Strange Christmas Laws You Might Be Breaking Without Knowing

Whether you’re a resident or simply planning a visit to some countries, beware of strange Christmas laws that may get you in trouble without you realizing it.

Male police officer in green uniform talking with female car owner

Christmas is around the corner and whilst most countries have their own Christmas traditions, many actually have specific Christmas laws in place – and some are a little on the strange side.

To ensure you don’t unintentionally break laws by mistake during the holiday season, experts at Top Rated Law provided useful insight on some of the most surprising Christmas laws around the world.


Strange Christmas Laws from Around the World


Whether you’re a resident or simply planning a visit to any of these countries mentioned below, beware of strange Christmas laws that may get you in trouble without you realizing it:


1. Driving with a Christmas party outfit on can result in a fine [UK]


Santa Claus beside Mrs Claus during daytime

Depending on the Christmas outfit you’re wearing, it’s possible you could receive a fine of up to £5,000 in the UK.

Specific attention is paid to items you wear on your face and feet, as if an outfit is deemed to be interfering with the person’s ability to drive responsibly, then that driver can actually be fined.

Craig Anderson, litigation attorney from Top Rated Law, explains: “The UK’s rule 97 of the Highway Code aims to ensure that drivers are not wearing any clothing items or footwear that could interfere with their driving. 

Wearing an elf or a Santa costume, for example, could make driving challenging. Aspects such as the costume’s shoes could make it difficult to feel the pedals, while any hats could affect vision, so drivers should be mindful of their outfit choice.”


2. Debt payments not allowed on Christmas day [USA]


Back in 1838, the state of Arkansas made it illegal to pay debts on Christmas day - and it seems this law hasn’t changed since.

According to the law, anyone with a debt due to be paid then, has to pay it a day earlier, on Christmas Eve.

“Christmas is one of the most expensive times of the year, however, this law interestingly gives those in debt a day off from having to settle it and deprives those who are owed a debt of one day’s interest,” Craig Anderson says. 


3. Christmas crackers cannot be sold to children under the age of 12 [UK]


In 2013, the UK government made it illegal to sell Christmas crackers to children under 12 years old. Interestingly, when the law was first introduced the age restriction was 16, but was amended in the government’s attempt to remove any unnecessary laws.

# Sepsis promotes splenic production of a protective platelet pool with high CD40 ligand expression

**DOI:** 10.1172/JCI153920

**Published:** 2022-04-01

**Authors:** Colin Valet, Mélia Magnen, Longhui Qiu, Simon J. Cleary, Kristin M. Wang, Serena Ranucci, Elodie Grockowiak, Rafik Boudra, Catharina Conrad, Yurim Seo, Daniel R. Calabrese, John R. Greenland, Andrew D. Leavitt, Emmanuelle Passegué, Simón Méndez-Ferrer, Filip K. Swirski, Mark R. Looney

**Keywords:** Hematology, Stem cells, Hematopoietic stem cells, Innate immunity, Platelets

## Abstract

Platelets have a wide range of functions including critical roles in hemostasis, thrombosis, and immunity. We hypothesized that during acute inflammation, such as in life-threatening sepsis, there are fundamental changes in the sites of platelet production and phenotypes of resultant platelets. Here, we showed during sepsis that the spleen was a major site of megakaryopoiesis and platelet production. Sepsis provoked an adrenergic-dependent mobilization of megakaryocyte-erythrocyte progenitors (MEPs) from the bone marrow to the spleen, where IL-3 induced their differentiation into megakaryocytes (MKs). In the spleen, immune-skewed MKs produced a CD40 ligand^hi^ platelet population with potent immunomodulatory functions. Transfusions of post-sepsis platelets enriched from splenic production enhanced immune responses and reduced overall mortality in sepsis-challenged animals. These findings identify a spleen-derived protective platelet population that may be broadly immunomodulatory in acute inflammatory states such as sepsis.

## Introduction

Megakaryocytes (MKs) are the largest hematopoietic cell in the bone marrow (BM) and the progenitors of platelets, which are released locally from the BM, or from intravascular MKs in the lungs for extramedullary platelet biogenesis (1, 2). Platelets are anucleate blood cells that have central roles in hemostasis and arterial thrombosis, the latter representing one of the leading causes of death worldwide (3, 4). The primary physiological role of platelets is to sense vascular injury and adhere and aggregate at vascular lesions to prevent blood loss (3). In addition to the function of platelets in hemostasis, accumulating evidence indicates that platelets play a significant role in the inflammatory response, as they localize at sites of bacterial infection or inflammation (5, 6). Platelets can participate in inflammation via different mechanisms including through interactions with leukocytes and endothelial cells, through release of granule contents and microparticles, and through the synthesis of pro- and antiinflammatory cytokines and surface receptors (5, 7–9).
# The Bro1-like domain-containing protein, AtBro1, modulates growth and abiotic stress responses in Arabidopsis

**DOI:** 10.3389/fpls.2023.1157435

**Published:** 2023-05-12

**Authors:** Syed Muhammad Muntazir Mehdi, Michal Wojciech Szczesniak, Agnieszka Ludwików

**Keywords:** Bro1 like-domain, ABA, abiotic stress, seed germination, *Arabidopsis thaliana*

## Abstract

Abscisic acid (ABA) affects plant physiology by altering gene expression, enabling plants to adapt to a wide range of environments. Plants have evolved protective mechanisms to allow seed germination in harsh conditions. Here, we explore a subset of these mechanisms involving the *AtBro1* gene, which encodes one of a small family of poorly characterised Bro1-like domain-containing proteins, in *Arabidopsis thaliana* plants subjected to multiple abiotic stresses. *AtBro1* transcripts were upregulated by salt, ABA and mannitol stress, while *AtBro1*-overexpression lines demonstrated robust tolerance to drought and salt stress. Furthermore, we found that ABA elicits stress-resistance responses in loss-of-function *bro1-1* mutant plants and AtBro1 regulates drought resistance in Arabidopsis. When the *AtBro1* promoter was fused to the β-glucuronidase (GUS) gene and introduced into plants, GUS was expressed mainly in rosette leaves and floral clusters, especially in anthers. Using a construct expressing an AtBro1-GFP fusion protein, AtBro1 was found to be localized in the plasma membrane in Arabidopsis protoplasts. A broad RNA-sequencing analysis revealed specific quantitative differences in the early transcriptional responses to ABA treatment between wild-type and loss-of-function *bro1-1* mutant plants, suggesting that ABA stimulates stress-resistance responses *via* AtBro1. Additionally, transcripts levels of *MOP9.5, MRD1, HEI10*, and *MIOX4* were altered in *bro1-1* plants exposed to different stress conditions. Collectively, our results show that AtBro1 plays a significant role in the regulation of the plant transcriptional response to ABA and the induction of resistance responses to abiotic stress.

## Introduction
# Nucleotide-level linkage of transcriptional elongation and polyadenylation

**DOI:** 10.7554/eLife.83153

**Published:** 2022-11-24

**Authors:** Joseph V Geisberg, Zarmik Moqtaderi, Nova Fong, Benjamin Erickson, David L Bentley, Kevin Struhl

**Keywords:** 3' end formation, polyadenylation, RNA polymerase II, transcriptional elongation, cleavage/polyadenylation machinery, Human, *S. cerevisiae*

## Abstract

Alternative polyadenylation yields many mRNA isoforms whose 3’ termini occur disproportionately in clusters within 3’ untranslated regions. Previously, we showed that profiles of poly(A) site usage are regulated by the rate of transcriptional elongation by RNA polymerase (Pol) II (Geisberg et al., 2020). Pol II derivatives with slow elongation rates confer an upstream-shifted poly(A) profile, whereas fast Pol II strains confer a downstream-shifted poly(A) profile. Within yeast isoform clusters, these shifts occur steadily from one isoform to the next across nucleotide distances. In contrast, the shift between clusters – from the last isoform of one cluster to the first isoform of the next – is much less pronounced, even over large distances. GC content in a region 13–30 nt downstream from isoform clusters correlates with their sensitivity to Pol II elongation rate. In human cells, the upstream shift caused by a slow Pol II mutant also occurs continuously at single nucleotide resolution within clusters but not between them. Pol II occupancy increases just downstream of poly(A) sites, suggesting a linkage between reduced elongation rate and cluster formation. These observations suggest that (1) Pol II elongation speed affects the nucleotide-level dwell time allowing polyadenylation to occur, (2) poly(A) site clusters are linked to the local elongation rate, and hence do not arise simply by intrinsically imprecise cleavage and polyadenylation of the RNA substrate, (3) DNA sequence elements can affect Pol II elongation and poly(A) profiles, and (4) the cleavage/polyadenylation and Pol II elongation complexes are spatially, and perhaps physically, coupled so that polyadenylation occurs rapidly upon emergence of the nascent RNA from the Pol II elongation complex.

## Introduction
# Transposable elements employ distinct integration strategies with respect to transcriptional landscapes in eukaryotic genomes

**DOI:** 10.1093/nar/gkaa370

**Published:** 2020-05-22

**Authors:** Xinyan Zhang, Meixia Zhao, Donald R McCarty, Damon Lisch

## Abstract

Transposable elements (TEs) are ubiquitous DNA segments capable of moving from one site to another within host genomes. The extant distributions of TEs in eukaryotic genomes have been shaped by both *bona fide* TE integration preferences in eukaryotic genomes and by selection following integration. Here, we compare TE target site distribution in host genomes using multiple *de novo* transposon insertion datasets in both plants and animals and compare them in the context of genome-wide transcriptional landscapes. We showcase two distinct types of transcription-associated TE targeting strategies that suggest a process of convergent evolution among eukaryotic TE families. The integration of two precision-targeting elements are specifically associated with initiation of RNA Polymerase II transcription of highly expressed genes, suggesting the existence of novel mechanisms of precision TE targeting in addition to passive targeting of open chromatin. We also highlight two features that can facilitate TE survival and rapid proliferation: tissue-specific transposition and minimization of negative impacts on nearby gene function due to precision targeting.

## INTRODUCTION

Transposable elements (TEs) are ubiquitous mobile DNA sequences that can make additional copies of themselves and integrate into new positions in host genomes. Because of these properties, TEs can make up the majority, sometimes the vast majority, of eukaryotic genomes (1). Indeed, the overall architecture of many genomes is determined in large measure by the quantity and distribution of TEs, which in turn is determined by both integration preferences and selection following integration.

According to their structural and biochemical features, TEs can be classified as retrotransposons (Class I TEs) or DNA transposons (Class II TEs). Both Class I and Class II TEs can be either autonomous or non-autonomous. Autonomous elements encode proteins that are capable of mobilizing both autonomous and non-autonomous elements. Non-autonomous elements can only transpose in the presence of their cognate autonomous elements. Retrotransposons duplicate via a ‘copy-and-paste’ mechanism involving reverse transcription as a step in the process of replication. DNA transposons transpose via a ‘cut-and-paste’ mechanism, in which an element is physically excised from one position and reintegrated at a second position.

The regulation says that economic operators are prohibited from making “a pyrotechnic article available on the market” to anyone under the age of 12.

“The law which prohibits the sale of Christmas crackers to children under 12 is called the Pyrotechnic Articles (Safety) Regulations 2015,” Craig Anderson explains. “Whilst it may not seem obvious, Christmas crackers are included in the regulation, because the popping sounds they make is considered to be a result of a small amount of pyrotechnics.”


4. Christmas bonuses are required BY LAW [Mexico]


If you live in Mexico, your employer is required by law to give you an annual Christmas bonus - lucky you! The bonus amount is calculated based on the employee’s salary and has to be paid by 20th December. Employers who are late with the bonus payment, don’t pay it or decide to pay it in instalments, are subject to a fine that amounts to a whopping 5,000 times the minimum wage.

“Mexico’s Christmas bonus law is referred to as ‘aguinaldo’ and was introduced in 1970,” Craig Anderson says. “According to the law, an employee’s Christmas bonus needs to amount to at least 15 days worth of wages. Costa Rica also requires the payment of such bonuses.”


5. You can’t keep Christmas lights however long you want [USA]


It is actually illegal to leave the Christmas lights put outside your home past a certain date in San Diego. The city gives its citizens a fair amount of time to take down their Christmas lighting, which is well into the New Year on February 2nd. If they’re still found to be up and in use past that day, residents can be subject to a $250 fine.

“Keeping your Christmas lights on inside your home for however long you want is naturally no issue at all, but leaving them on outside your home for a long period of time might cause conflicts with neighbors, as well as landing you with a pretty hefty fine,” says Craig Anderson.


6. Making or using a snow slide is prohibited in London [UK]


On the off-chance that London experiences a white Christmas, those in the UK capital are banned from making or using a slide on the city’s streets. If you’re found sliding on snow or ice, you risk getting a £500 fine. This law was first introduced back in 1839.

Craig Anderson adds: “This winter law is part of the Metropolitan police act of 1989. It states that Londoners aren’t allowed to slide ‘upon ice or snow in any street or other thoroughfare.’ The reason for that is that you could potentially put other people in danger by doing so.”


7. Natural Christmas trees are not allowed [USA]


Using natural Christmas trees in retail stores in New York is strictly prohibited by law. While in Philadelphia, if you’re living in a high-rise building (or a multi unit building), you’re also not permitted to have a natural Christmas tree. According to the law, if you want a natural Christmas tree at home, you need to be living in a place that houses only one or two families.

“Philadelphia’s Official fire code from 1982 prohibits natural Christmas trees in some buildings,” Craig Anderson explains. “The law was enforced as those trees are considered to be a fire hazard. A $300 fine awaits you, if you’re found to have such a tree when you shouldn’t.”